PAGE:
A New Jersey family was fast asleep in their tent on a camping trip when the unthinkable happened: They were attacked by a wolf.
"It was like something out of a horror movie," mother Elisa Rispoli recounted on Facebook.
The family was in Banff National Park in Alberta when the incident occurred about 1 a.m. Friday, according to a report by the federal agency Parks Canada. Elisa wrote that her husband, Matthew, threw himself in front of her and their two boys while the wolf tore through the tent and clamped onto Matthew's arms.
"I don't think I'll ever be able to properly describe the terror," she wrote.
The incident felt like an eternity, Elisa said, but could've been only a few minutes.
The wolf was starting to drag Matthew away when a neighboring camper, Russ Fee, heard the family's screams and jumped in to help.
"The screams were so intense that I knew it was obviously a terrible situation," Fee told CNN affiliate CBC. "So I just kind of kept running at [the wolf], and I just kicked it sort of in the back hip area."
Fee said he immediately regretted kicking the wolf, but it did make the animal release Matthew and pop out of the tent. Matthew soon followed, and the two started screaming and throwing rocks at it.
Meanwhile, Elisa and the rest of the family ran toward Fee's minivan to safety.
The Rispolis eventually made it to a nearby hospital, where Matthew's wounds were treated. Elisa wrote that he had puncture wounds and lacerations on his hands, but he's doing fine. Matthew was the only one who was injured in the attack.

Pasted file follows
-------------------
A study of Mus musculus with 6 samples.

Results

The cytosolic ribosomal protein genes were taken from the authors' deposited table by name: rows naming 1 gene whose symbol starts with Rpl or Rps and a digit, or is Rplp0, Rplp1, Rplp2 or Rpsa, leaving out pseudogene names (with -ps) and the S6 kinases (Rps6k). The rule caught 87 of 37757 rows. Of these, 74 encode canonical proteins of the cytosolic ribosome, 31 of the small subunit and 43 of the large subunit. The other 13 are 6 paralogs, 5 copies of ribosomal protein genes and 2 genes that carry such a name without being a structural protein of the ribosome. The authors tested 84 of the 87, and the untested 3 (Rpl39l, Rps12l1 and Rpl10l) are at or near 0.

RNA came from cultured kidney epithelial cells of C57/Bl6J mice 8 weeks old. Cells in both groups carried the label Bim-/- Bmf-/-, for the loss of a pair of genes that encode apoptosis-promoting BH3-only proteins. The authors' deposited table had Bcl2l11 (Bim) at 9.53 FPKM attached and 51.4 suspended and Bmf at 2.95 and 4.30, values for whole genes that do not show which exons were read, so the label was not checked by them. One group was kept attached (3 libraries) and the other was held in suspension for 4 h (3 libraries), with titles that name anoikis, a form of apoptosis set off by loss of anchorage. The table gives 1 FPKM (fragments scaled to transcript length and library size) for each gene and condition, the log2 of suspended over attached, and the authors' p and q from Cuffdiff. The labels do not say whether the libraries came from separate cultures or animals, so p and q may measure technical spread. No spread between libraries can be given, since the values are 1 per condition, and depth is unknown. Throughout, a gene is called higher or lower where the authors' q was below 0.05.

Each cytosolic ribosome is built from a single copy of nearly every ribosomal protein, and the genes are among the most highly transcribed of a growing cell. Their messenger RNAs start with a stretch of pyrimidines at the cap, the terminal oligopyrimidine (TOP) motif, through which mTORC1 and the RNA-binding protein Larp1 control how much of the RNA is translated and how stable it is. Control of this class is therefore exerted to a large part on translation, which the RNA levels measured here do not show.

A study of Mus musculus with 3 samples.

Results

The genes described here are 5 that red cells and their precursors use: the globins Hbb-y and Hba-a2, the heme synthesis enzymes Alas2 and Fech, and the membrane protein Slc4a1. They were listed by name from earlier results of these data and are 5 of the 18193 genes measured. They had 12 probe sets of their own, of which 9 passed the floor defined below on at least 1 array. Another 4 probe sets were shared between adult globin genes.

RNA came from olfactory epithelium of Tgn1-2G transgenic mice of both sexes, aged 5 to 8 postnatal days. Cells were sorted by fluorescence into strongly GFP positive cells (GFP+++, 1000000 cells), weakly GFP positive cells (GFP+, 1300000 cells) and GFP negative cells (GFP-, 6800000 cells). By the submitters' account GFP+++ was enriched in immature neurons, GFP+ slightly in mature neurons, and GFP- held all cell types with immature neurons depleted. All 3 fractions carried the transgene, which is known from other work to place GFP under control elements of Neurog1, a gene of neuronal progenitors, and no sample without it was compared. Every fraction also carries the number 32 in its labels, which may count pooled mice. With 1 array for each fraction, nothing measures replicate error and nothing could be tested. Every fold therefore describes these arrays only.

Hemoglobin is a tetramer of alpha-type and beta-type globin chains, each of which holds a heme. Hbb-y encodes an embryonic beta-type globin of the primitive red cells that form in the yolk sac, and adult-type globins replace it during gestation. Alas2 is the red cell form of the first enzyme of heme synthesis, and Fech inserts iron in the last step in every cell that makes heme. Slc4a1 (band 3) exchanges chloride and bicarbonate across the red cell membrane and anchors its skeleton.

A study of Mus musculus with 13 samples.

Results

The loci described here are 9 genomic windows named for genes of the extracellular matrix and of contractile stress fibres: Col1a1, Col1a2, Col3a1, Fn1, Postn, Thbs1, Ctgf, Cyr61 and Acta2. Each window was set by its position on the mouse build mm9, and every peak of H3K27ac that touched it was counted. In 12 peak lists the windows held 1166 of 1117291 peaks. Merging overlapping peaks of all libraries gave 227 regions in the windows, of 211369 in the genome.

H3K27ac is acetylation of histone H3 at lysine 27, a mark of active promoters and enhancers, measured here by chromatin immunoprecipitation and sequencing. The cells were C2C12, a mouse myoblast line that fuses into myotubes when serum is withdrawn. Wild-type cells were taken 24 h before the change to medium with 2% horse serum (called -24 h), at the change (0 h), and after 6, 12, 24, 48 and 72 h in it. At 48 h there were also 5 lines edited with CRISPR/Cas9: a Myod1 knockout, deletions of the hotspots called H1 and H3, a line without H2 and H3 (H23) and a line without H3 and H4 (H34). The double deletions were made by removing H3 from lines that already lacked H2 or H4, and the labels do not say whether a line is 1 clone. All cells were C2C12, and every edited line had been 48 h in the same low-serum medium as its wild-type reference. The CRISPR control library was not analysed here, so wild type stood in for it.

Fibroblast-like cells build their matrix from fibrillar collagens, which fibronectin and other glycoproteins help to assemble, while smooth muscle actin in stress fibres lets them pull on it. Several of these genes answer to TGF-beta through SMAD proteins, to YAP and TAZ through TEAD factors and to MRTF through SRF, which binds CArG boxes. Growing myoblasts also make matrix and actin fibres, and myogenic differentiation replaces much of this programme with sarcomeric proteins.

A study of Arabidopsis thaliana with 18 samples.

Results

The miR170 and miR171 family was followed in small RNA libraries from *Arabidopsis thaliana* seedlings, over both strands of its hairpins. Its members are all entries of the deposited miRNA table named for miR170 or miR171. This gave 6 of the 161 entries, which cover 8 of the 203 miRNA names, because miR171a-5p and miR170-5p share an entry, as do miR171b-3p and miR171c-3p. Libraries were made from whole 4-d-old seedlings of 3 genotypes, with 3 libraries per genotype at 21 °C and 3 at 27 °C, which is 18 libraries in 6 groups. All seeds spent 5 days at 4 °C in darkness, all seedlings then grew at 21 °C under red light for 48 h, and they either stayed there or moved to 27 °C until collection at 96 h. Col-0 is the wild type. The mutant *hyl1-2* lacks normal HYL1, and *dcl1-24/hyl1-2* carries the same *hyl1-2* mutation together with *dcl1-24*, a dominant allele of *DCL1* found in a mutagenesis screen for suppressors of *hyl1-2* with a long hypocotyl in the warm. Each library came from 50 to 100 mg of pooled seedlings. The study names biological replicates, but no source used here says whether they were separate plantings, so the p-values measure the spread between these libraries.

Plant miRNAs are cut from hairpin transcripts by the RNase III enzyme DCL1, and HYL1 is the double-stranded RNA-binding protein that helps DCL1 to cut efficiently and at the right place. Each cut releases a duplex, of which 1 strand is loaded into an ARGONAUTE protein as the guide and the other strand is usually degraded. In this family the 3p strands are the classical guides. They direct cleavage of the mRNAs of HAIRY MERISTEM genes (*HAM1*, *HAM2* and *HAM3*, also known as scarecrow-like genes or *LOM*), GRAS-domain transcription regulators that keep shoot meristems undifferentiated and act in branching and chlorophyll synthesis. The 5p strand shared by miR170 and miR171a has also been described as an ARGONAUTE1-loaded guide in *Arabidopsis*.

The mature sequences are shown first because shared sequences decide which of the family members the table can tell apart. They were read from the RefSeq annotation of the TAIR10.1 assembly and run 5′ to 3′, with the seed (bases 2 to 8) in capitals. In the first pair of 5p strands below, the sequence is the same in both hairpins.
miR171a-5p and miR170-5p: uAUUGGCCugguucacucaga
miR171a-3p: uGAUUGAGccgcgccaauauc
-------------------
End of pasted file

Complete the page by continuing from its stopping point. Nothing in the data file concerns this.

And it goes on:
"It could have been so, so much worse, and we are just feeling so thankful that we are all still sitting here as a complete family," she wrote.
Elisa Rispoli didn't respond to a request for further comment.
This is the first time a wolf attack has been reported in a national park
Incidents like these are extremely rare. This is the first reported wolf attack on humans at a national site, according to Parks Canada, though there have been attacks in provincial parks: one in British Columbia and one in Ontario.
Lesley Matheson, a spokeswoman for Parks Canada, said that no significant wildlife attractants or food were found inside or in the immediate vicinity of the tent.
The campground was closed for a few days while Parks Canada investigated the incident. It reopened Monday after park staff tracked and killed the animal, verifying that it was the right one through DNA testing.
It's unclear why the wolf was attracted to this family, Matheson said. Veterinary tests confirmed that the wolf was in "poor condition" and nearing the end of its life, which was probably a contributing factor in its behavior, Parks Canada said.
The wolf was underweight for its age, a mere 78 pounds compared with the usual 100- to 150-pound range, Matheson said. Tests for rabies came back negative.